Background and purpose: One major limitation of current functional MR (fMR) imaging is its inability to clarify the relationship between sites of cortical neuronal activation, small parenchymal venules that are in close proximity to these sites, and large draining veins distant from the active parenchyma. We propose to use gradient-echo blood oxygenation level-dependent (BOLD) fMR time courses to differentiate large draining veins from parenchymal microvasculature.
Methods: In eight research subjects, five of whom presented with space-occupying lesions near the central sulcus, gradient-echo fMR imaging was performed during alternating periods of rest and motor activation. MR signal time courses from parenchymal regions and draining veins of different diameters, which were identified using contrast-enhanced T1-weighted scans, were evaluated. Percent signal changes (deltaS) and the time to the onset of MR signal rise (T0) were calculated.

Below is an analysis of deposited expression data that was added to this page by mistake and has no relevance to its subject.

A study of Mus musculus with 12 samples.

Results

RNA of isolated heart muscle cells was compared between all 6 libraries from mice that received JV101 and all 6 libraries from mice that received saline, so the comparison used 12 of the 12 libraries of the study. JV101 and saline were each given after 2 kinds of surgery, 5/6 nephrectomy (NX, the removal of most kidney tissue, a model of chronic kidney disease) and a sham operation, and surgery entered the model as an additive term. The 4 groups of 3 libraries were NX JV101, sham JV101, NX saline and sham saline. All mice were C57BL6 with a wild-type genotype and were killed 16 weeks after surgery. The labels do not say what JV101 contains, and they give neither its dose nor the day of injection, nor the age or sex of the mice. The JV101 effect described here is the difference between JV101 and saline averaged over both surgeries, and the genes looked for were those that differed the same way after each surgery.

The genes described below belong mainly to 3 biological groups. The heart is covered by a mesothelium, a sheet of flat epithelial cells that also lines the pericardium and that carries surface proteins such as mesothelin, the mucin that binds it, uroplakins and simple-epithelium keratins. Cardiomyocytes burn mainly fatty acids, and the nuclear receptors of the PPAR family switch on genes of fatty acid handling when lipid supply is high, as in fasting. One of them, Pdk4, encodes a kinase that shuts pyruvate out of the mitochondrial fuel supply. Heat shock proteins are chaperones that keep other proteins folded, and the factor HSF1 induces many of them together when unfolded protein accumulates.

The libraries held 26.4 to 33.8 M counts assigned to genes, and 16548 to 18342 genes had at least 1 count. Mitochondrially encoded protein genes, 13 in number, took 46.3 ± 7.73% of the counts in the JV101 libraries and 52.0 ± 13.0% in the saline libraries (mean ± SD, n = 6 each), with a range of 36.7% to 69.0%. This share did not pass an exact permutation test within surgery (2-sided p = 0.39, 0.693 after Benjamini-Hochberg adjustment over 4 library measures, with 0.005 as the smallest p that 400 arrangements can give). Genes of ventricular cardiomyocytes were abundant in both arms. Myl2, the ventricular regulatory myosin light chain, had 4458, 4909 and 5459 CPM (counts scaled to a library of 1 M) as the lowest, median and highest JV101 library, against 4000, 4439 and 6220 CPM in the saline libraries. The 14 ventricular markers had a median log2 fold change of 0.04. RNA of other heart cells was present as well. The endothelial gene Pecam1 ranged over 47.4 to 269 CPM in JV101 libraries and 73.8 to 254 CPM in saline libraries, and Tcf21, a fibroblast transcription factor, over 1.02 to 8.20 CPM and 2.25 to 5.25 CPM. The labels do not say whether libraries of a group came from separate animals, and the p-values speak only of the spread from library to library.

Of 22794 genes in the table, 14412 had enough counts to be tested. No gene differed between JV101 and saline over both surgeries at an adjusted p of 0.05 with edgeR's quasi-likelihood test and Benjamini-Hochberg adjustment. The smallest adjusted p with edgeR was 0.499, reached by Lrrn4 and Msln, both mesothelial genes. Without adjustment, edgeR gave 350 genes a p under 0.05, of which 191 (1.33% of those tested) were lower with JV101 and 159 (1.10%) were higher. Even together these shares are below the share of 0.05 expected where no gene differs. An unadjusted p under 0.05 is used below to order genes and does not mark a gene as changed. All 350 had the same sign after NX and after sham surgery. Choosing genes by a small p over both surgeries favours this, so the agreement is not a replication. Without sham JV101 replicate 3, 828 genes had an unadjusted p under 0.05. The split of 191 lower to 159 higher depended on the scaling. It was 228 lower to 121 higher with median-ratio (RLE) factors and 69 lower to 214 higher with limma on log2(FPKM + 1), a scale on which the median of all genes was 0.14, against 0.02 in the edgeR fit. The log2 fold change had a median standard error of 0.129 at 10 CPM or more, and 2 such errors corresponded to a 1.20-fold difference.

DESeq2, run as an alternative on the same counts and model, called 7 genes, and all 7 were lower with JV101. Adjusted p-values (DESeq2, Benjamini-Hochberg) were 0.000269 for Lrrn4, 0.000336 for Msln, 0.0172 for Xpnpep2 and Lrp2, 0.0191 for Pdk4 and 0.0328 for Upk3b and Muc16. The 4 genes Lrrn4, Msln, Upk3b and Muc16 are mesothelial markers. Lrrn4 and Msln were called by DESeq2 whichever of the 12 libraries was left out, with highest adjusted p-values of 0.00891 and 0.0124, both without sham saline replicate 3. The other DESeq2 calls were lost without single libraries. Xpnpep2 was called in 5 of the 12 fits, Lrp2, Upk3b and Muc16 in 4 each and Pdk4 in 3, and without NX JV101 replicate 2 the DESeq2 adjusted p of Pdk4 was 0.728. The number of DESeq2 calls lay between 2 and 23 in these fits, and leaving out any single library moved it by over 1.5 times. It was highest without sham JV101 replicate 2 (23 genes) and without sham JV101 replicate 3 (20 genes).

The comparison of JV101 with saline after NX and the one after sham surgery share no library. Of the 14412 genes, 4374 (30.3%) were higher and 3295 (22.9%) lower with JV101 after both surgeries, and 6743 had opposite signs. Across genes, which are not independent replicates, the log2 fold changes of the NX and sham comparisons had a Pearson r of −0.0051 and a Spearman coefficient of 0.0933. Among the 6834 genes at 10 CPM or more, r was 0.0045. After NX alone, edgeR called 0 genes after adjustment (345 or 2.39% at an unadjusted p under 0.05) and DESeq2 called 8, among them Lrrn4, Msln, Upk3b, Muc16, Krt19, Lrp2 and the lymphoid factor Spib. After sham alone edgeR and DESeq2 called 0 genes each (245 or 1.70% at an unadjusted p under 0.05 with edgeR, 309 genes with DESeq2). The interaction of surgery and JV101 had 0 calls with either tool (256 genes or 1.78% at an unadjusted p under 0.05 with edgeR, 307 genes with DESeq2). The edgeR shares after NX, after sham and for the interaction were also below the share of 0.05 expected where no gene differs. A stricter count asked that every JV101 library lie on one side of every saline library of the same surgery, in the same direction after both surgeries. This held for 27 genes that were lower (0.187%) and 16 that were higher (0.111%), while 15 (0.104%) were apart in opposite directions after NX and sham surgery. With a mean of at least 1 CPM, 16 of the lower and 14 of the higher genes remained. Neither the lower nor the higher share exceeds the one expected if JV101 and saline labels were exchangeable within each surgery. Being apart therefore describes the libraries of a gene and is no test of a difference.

Results: Mean delta(S) for all subjects was 2.3% (SD+/-0.7%) for parenchymal activation, 4.3% (SD +1.0%) for sulcal macrovasculature, and 7.3 (SD+/-1.1%) for large superficial bridging veins. The mean time to onset of MR signal increase was 4.4 seconds for parenchymal task-related hemodynamic changes and 6.6 seconds for venous hemodynamic changes, regardless of vessel size. Both the differences in delta(S) and T0 were statistically significant between venous and parenchymal activation (P < .0001).
Conclusion: Gradient-echo fMR imaging reveals hemodynamic task-related changes regardless of vessel size and therefore might show macrovascular changes distal to the site of neuronal activity. MR-signal time-course characteristics (delta(S) and T0) can be used to differentiate between small parenchymal and larger pial draining vessels, which is especially important in presurgical planning of neurosurgical procedures involving functionally important brain regions. The knowledge about the differences in (delta)S and T0 between micro- and macrovasculature might lead to a more accurate description of the spatial distribution of underlying neuronal activity.